The holidays are upon us. A much-needed break to kick back, enjoy some downtime and catch up with some reading. 2019 has been a great year for business books so, if you fancy updating your knowledge and learning from the experts, here are my recommendations for your reading list:
James Watt’s autobiography is a fantastic read. In it, he outlines how he set about founding the craft brewing giant Brewdog with crowdfunding from Crowd Cube. He dared to be different with incredible results. A great insight into how Brewdog overtook the competition to achieve global reach.
I’m fascinated by the different factors behind employee engagement. One of 2019’s recurring themes has been that day-to-day employee engagement lives and dies at team level. It’s a function of teams and not companies.
The Best Team Wins is the outcome of a study of over 850,000 employee engagement surveys to develop their ‘Five Disciplines of Team Leaders’. Themes include: recognising and motivating individuals, healthy discord, sparking innovation, unifying customer focus and building bridges across functions, cultures and distance. A huge eighty-five per cent of employee engagement can be down to the team leader or the manager, so here is a how-to guide for solving this issue.
Paul is a Professor of Behavioural Science at the London School of Economics, and I often reference his findings when I’m speaking publicly. He’s done a brilliant job of defining the fundamentals that drive happiness: Pleasure, Purpose, Attention, Environment, Avoiding Distractions, Relationships and Giving. It’s as if he’s been able to decode happiness.
When I look back at my time as MD of Rackspace and Peer 1, I can see how many of the initiatives we had in place chimed with Professor Dolan’s research. This book provides a blueprint for building a great place to work.
I love Bruce Daisley’s approach. He’s been hosting one of my all-time favourite podcasts Eat Sleep Work Repeat for a few years now. I always recommend Joy of Work to clients, particularly those creating a culture committee for the first time.
The book is packed with easy-to-implement ideas to ‘make work suck less’. ‘Monk Mornings’ (turning off your emails and doing some real quality work as a result) and ‘Hack Weeks’ (employees coming together off their own back to improve a product or service) are just two fab examples. But there are 28 other great ideas all designed to answer the question: “How do you get employees to come up with an idea and drive through to a solution that consumers can use in the shortest possible time frame – without management saying ‘no’?”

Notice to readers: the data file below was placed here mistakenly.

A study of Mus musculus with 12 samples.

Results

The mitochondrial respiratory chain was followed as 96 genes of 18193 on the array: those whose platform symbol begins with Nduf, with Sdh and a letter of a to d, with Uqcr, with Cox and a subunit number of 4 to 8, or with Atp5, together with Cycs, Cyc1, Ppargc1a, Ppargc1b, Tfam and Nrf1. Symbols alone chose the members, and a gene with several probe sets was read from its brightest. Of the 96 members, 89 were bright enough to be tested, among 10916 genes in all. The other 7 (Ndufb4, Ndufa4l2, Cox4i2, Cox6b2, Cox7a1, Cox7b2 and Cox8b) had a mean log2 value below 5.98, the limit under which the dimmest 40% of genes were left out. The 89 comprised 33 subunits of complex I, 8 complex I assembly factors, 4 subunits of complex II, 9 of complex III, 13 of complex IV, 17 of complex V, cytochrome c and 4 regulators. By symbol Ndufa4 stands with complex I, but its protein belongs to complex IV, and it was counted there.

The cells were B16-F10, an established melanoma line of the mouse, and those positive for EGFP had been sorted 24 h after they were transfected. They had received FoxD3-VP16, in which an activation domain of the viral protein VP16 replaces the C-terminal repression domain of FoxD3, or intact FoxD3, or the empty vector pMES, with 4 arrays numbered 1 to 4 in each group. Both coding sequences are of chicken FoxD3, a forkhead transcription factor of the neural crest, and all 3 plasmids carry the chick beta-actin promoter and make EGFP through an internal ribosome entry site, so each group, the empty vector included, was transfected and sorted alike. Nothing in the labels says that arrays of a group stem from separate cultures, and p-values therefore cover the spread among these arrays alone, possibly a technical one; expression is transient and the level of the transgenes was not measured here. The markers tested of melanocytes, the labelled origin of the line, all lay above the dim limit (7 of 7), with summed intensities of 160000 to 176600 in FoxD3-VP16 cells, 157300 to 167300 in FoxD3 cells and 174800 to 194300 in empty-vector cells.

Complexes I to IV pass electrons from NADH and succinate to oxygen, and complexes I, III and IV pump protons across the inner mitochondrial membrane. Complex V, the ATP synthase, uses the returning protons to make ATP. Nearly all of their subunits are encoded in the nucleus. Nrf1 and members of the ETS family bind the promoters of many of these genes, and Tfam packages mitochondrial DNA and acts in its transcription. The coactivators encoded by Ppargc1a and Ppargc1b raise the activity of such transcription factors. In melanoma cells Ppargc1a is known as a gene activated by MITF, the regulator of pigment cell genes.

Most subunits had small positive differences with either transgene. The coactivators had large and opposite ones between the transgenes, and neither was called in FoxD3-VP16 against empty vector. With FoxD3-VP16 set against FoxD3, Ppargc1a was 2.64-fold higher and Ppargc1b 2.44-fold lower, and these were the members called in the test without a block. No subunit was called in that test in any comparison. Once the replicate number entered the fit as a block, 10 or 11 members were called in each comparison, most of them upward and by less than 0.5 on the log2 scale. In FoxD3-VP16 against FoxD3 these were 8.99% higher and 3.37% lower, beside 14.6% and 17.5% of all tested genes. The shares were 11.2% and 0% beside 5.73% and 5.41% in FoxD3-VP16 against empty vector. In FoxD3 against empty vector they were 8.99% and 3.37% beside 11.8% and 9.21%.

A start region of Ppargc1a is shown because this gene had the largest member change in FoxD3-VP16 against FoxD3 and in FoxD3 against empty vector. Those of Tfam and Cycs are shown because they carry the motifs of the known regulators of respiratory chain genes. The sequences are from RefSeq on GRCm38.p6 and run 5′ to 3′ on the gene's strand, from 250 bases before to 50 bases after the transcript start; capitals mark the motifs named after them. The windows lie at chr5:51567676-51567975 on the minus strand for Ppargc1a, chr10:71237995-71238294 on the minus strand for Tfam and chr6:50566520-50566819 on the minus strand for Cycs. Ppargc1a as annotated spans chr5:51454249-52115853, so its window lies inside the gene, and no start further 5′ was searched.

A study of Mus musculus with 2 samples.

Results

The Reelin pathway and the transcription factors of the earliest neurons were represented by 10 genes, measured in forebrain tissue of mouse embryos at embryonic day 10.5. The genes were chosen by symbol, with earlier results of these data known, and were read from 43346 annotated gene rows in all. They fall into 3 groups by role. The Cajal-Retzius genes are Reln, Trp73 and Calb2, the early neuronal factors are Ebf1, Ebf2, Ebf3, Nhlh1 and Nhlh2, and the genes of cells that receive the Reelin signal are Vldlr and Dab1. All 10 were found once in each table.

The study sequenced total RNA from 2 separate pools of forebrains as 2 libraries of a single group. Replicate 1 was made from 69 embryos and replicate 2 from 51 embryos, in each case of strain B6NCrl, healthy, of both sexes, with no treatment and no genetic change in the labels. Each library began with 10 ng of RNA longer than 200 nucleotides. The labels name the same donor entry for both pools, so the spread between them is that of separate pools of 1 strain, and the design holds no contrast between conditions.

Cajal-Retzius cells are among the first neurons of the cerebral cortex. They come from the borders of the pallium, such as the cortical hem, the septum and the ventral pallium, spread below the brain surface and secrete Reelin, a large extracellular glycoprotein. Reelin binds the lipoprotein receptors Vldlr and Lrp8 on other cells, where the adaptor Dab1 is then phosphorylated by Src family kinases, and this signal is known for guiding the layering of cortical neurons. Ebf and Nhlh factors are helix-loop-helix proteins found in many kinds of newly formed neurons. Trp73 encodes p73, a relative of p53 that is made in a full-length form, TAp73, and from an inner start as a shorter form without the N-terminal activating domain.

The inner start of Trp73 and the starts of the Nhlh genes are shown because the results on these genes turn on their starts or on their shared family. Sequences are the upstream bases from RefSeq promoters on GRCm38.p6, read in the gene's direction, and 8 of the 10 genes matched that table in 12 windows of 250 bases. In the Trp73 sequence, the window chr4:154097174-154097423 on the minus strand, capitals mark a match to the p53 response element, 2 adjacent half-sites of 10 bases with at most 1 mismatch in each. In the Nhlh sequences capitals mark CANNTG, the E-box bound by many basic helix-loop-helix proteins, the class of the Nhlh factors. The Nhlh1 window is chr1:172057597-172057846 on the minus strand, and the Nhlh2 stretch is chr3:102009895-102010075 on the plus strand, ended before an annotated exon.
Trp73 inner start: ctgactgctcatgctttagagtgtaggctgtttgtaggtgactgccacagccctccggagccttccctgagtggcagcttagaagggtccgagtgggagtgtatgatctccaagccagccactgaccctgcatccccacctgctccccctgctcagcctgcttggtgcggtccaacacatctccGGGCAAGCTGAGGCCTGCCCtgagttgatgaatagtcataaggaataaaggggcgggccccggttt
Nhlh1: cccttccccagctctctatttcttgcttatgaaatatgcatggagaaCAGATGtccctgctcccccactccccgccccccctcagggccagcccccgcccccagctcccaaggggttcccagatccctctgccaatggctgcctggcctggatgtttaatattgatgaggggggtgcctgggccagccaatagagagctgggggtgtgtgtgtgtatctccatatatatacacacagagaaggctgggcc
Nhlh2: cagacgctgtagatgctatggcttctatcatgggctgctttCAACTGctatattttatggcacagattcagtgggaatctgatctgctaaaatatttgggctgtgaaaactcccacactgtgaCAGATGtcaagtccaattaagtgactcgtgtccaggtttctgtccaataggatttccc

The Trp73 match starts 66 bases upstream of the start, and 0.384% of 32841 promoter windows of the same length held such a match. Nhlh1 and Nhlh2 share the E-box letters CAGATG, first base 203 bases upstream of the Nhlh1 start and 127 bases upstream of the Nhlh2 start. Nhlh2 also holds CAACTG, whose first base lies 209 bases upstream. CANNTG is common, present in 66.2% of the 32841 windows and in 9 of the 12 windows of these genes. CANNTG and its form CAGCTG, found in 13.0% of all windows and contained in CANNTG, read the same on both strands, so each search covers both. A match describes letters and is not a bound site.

This book does a great job of looking at agile management and its power for potential transformation. It highlights how businesses can be more nimble, adapting quickly and effectively for growth. Companies don’t have to be born agile. It’s about mindset and driving prioritisation through constraints and meaningful metrics.
This is the companion textbook that goes alongside Gallup Q12 Methodology. After a decade of work, there are more than one million employee and manager interviews identifying the twelve elements that make up the Q12. In the book, the authors explain exactly how Gallup’s Q12 can harness employee engagement.
This is the long-awaited biography of legendary coach and business executive Bill Campbell. “Trillion Dollars” relates to the accumulated market cap of the companies he worked for and the legacy he left behind. If you don’t have a coach – read this book. If you do – still read this book. If you ARE a coach… this book should be your bible!
8. The Fearless Organization: Creating Psychological Safety in the Workplace for Learning, Innovation and Growth by Amy Edmondson
Fear kills creativity. So you need psychological safety in your workplace. This is one of my mantras that I repeat over and over again to my clients.
If what you’re missing is innovation, maybe you have fear. Lack of trust will ruin a company’s ability to innovate. Staff find it difficult to be creative in an organisation where people are suspicious or negative. Fight or flight kicks in, cortisol rises and innovation goes through the floor. They’ve even proved this with lab rats who, at the slightest whiff of a cat, are unable to problem-solve their way out of a maze. Read this book. You won’t regret it!
9. Nine Lies About Work: A Freethinking Leader’s Guide to the Real World by Ashley Goodall and Marcus Buckingham
Marcus Buckingham’s books have been hugely influential in my life. ‘First Break All The Rules’ introduced me to tools like the Gallup Q12 and StrengthsFinder, setting me off on a strengths-based path ever since.
Buckingham wrote this book jointly with Ashley Goodall, Senior Vice President of Leadership and Team Intelligence at Cisco. As a result, it contains a great combination of Buckingham’s research and Goodall’s practical experience of the concepts. It’s deliberately confrontational, challenging some of the ‘well-known truths’ that are widely held in the corporate world.
If you can create a category, and own it, 85% of the revenue will come to you. The authors of this book use examples of Amazon, Salesforce, Uber and Ikea to demonstrate this idea.
I often think of this when I’m working on strategy with clients. Particularly when we’re defining core customer and customer archetypes. How can you create a category? And, more importantly, how do you define what you do in such a way that you can be number one in your category? Manufacture your category in a way that brings in competitors (otherwise you haven’t got a category), and set them up to lose.